The Queen’s Pawn by Christy English

I just finished my first book of the year. Having nothing but time lends itself to doing nothing but reading. I doubt the rest of the books will be finished this quickly, however, I’ll take the opportunities as they come.

The first book I decided to read was The Queen’s Pawn, written by Christy English. I’m an avid reader of historical fiction, and especially those books having to do with English history. Something about the craziness surrounding the politics and lies of the royal court always draws me in. Usually, the books I read are set closer to the Tudor period, but this was set during the 11th century, something I haven’t read much of.

The book is written from two point of views; that of Alais, Princess of France, and that of Eleanor of Aquitaine. One is new to the game of royal politics and one is a calculating master of the game. They form a bond that you can see throughout the entire book. Alias is betrothed to Eleanor’s favorite son Richard, which ignites jealousy in Eleanor when she sees the true feelings her son and “adopted” daughter share for each other.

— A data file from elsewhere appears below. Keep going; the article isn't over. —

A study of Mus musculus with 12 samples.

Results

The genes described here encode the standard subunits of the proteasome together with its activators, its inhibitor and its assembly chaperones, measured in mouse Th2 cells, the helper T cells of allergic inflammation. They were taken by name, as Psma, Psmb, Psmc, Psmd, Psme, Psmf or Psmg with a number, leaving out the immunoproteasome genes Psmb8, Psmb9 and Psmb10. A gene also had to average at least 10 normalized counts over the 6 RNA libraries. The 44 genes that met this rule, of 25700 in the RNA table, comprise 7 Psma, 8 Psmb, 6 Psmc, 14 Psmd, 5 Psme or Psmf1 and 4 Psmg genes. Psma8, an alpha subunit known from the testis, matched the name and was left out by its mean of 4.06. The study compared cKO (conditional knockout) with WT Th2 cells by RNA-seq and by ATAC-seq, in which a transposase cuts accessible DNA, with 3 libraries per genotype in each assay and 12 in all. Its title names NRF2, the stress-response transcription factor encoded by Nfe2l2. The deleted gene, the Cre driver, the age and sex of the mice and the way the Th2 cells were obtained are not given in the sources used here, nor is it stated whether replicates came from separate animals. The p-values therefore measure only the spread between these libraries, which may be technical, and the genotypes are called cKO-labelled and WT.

The book lasts over the span of several years, however the main focus is on a 6 month time period over which Alais learns more about herself and her powers as a woman, as well as the realities of court life.  There were times when I absolutely hated Richard, thought Alais a naive girl, and wondered how Eleanor could claim to love both Richard and Alais, and yet play them as pawns in her game of treachery.

English did twist history around a little bit in order to tell her story, however most of the facts are true, they just happened at different dates. I found myself wanting to learn more about each of these people, and ended up spending an evening researching all the people and locations just to get a better idea of what was going on and the stories of each of these people.

I greatly enjoyed this book and the touch of history it brought. English managed to make me love characters I initially hated and see the reasoning behind their actions, even if it hurt others in the book. She made Eleanor an amazing woman whose strength should be admired and Alais and wonderful woman who learned from her mistakes and became a strong woman as well. I know this will be a book I read over and over.

The next book on my list is The Secret Confessions of Anne Shakespeare by Arliss Ryan.